GBP/CAD Exchange Rate Rallies as Sterling Begins to Claw Back Last Week’s Losses

The start of this week’s session has seen the Pound attempt to claw back some of the losses it made on Thursday following the Brexit chaos.

The Pound Canadian Dollar (GBP/CAD) exchange rate has risen by around 0.5% today as lower oil prices took their toll on CAD.

Adding to the sense of calm in Sterling markets, a Treasury select committee hearing this morning saw Bank of England Governor Mark Carney give his backing to Theresa May’s Brexit deal, although he did warn that a hard break from the European Union would cause the British economy to suffer, saying.

‘We have emphasised from the start the importance of having some transition between the current arrangements and the ultimate arrangements,’

‘So we welcome the transition arrangements in the withdrawal agreement […] and take note of the possibility of extending that transition period,’ he added.

He also stated that interest rates could rise even in the event that the economy takes a dent from a no-deal Brexit.

GBP/CAD Exchange Rate Gains as Brexit Remains in the Spotlight

The possibility of a Brexit transition period extension to 2022 has been proposed by the EU’s chief negotiator, Michel Barnier.

If this were to be accepted it would see the UK bound to follow EU regulations and laws without having a say in the decision making process.

Volatility in Sterling could continue as the threat of a no-confidence vote still hangs over Theresa May, although the forty-eight letters needed for such a challenge have not so far been amassed.

MP Jacob Rees-Mogg the front man of the push that began the letters of no-confidence being submitted, stated that this government made ‘a deliberate decision not to deliver a proper Brexit’.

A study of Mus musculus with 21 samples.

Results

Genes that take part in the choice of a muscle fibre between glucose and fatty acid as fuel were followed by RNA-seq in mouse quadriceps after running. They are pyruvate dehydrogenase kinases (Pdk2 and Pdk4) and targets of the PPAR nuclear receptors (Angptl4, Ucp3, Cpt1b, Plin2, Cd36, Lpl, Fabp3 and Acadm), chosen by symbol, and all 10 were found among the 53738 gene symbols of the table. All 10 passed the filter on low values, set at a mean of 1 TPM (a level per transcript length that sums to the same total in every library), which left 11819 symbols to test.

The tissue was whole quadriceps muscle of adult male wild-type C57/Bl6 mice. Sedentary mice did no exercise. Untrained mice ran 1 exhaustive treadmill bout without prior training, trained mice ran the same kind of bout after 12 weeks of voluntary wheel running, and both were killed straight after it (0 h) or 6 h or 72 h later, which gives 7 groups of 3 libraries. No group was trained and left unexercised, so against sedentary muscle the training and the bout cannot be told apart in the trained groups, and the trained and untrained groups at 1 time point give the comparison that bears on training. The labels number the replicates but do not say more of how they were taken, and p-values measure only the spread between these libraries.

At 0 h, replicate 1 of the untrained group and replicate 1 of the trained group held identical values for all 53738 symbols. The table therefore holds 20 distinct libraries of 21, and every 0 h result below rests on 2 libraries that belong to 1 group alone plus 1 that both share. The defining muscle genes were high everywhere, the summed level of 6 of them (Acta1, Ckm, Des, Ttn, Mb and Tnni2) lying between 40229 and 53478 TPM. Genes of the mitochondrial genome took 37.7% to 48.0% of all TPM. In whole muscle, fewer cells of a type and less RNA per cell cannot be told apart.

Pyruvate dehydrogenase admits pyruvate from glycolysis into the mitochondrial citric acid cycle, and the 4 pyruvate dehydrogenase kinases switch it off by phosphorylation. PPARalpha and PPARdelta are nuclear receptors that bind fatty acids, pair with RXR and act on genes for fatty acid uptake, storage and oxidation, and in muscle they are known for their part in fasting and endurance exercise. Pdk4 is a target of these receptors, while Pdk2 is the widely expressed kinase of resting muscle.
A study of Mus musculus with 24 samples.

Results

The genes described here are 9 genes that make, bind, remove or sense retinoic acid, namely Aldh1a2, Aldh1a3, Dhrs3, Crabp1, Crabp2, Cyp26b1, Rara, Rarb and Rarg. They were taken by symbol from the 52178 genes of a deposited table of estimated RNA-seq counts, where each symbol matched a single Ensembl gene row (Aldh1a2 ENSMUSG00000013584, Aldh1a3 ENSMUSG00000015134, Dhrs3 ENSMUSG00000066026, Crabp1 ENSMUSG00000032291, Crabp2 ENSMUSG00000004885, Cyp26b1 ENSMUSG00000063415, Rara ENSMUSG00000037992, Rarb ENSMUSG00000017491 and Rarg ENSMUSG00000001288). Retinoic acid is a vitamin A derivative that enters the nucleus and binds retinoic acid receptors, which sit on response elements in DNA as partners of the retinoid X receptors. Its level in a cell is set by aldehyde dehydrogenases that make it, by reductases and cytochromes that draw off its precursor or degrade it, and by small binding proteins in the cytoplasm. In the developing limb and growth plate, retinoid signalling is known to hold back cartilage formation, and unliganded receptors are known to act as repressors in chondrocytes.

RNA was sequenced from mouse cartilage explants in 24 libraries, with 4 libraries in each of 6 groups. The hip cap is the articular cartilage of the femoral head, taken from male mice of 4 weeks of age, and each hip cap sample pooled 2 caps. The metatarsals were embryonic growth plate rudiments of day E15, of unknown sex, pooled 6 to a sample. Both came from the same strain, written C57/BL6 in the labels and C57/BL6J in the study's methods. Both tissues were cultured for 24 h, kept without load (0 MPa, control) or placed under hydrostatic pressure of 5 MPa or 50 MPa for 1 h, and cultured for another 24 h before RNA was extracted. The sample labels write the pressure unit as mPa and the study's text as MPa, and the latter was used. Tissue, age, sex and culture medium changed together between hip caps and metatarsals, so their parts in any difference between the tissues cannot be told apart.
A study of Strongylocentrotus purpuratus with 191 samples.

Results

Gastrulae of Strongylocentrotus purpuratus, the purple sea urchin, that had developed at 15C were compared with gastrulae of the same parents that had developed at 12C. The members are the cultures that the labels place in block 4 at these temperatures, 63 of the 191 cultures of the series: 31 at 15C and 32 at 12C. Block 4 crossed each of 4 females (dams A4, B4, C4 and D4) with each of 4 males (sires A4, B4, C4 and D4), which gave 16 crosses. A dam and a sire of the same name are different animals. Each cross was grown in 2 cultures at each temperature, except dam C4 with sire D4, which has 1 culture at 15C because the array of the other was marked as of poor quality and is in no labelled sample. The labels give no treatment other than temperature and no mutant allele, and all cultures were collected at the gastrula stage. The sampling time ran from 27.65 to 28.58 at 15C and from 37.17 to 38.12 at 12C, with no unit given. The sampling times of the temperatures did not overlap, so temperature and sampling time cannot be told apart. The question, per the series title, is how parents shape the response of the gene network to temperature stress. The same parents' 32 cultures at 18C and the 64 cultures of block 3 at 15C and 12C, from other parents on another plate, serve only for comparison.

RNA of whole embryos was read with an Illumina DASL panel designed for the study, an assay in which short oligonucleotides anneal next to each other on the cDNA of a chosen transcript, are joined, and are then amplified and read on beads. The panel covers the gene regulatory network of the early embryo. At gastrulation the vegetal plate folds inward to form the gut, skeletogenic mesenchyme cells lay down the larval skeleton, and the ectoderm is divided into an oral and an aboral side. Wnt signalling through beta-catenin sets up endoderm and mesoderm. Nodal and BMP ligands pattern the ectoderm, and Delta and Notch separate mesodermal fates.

GBP/CAD Exchange Rate Rises as Oil Prices Fall

The oil-sensitive ‘Loonie’ has dropped as oil prices fall, with Alberta Premier Rachel Notley highlighting the fact that Alberta oil is selling $45 a barrel less than West Texas Intermediate in the US.

Notley stated: ‘We will lose that $80 million tomorrow and the day after and the day after, as long as this price differential remains in place […] Make no mistake, this price gap is a real and present danger to the Canadian economy.’

Furthermore, the US-China trade tensions have caused the Canadian currency to remain muted, as the two superpowers were unable to halt the escalation of tensions at the Asia-Pacific Economic Cooperation (APEC) meeting.

GBP/CAD Exchange Rate Vulnerable to Brexit Pessimism and Hawkish BoC

Fears of there being a no-deal Brexit are still being felt by many with Andy Haldane, the Bank of England’s chief economist, stating that firms are increasingly worried about the prospect, and that it is now hurting investment and likely to drag on growth in this quarter.

What’s more, comments made by Spain over Gibraltar have added to the sense of pessimism, with Gibraltar’s Chief Minister Fabian Picardo accusing Spain of using a ‘well-known tactic’ of raising issues at the last minute as it ‘does little to build mutual confidence and trust going forward’.

Later this evening will see a speech by Carolyn Wilkins, senior deputy governor of the Bank of Canada give a speech, and the tone of her speech, whether it be hawkish or dovish, liable to drive CAD movement.

Friday will see the release of a raft of inflation data from Canada which is likely to cause movement in the GBP/CAD, with any upside surprises liable to put pressure on Sterling.